MINNEAPOLIS (KARE) - The FBI and Delta Air Lines are trying to figure out how needles got into turkey sandwiches on four flights from Amsterdam to the U.S.
The airline says needles were found in six sandwiches on four separate flights on Sunday.
Delta spokeswoman Kristin Baur says one passenger on a flight to Minneapolis was looked at by an emergency responder, but the passenger declined to be transported by ambulance.
The Plymouth man was poked by the needle and is taking prescription drugs to ward off the possibility of contracting hepatitis or HIV. His son also discovered a needle in his sandwich on a separate flight to Atlanta.
"Delta is taking this matter extremely seriously and is cooperating with local and federal authorities who are investigating the incident ... The safety and security of our passengers and crew is Delta's number one priority," said Baur in a statement.
The FBI's Atlanta office has opened a criminal investigation into the matter, the agency said in a written statement. FBI Special Agent Stephen Emmett in Atlanta confirmed Tuesday that the agency is investigating but declined to comment further.
The Transportation Security Administration (TSA) says it's closely monitoring the situation. The agency said it immediately notified U.S. carriers with flights from Amsterdam's Schiphol Airport.
The sandwiches were prepared in the kitchen of a catering company in Amsterdam, and some were served to business class passengers on Delta flights. After the needles were found, passengers got pizza instead.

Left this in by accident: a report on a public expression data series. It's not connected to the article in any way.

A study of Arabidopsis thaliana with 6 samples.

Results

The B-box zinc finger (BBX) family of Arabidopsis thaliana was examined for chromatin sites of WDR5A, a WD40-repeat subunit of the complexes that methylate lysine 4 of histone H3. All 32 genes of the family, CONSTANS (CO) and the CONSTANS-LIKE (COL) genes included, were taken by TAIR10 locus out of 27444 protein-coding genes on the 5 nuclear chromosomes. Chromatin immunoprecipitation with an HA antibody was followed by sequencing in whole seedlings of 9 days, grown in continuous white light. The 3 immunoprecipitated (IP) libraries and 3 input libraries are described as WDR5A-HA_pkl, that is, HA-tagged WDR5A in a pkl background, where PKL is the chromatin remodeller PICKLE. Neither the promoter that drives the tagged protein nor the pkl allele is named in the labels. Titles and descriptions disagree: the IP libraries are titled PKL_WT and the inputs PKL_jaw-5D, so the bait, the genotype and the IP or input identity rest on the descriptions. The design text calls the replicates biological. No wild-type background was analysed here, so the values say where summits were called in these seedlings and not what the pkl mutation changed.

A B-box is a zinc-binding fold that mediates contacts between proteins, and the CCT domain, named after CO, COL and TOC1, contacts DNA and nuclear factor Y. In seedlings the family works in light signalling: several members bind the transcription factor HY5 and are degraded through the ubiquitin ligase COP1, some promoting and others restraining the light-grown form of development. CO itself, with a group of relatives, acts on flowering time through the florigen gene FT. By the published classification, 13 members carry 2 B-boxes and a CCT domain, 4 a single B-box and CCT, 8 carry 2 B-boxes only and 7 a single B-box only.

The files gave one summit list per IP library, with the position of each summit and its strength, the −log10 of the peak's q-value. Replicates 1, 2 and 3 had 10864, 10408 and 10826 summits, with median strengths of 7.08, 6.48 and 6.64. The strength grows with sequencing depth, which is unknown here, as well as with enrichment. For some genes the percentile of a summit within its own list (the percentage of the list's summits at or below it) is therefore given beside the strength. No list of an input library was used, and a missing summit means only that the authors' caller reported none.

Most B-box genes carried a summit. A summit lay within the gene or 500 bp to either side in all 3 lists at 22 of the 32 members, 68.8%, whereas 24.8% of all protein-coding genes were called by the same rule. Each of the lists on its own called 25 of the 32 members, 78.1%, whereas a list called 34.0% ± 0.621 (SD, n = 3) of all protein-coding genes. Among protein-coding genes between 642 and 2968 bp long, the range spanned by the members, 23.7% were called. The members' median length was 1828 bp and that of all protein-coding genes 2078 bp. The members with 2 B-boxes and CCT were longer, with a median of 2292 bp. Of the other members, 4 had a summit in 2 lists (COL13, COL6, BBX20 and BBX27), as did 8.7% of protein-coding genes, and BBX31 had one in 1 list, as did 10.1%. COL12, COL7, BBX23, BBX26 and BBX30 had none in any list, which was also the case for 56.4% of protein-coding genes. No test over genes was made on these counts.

According to a CNN report, Gate Gourmet, which provided prepared sandwiches to Delta, confirmed that authorities are investigating reports that sewing-type needles were discovered in the sandwiches.
"This is a terribly upsetting situation," Gate Gourmet spokeswoman Christina Ulosevich told CNN. "First and foremost is the safety of the traveling public. There's nothing more important to us at all then the safety of the passengers and crews."
Ulosevich said the company immediately stopped boarding sandwiches on planes when it learned of the incidents.
Asked if the company had taken any job action against any employee, Ulosevich told CNN, "We don't have any comment. It's part of an active investigation."
She said the company is cooperating fully with federal and local authorities and that there have been no other reports of tampered foods.
"We are monitoring every aspect of our operation," she said.
Delta says security for its meal production has been increased and it is using more prepackaged food while the investigation continues.
The needles were found on flights to Minneapolis, Atlanta, and Seattle.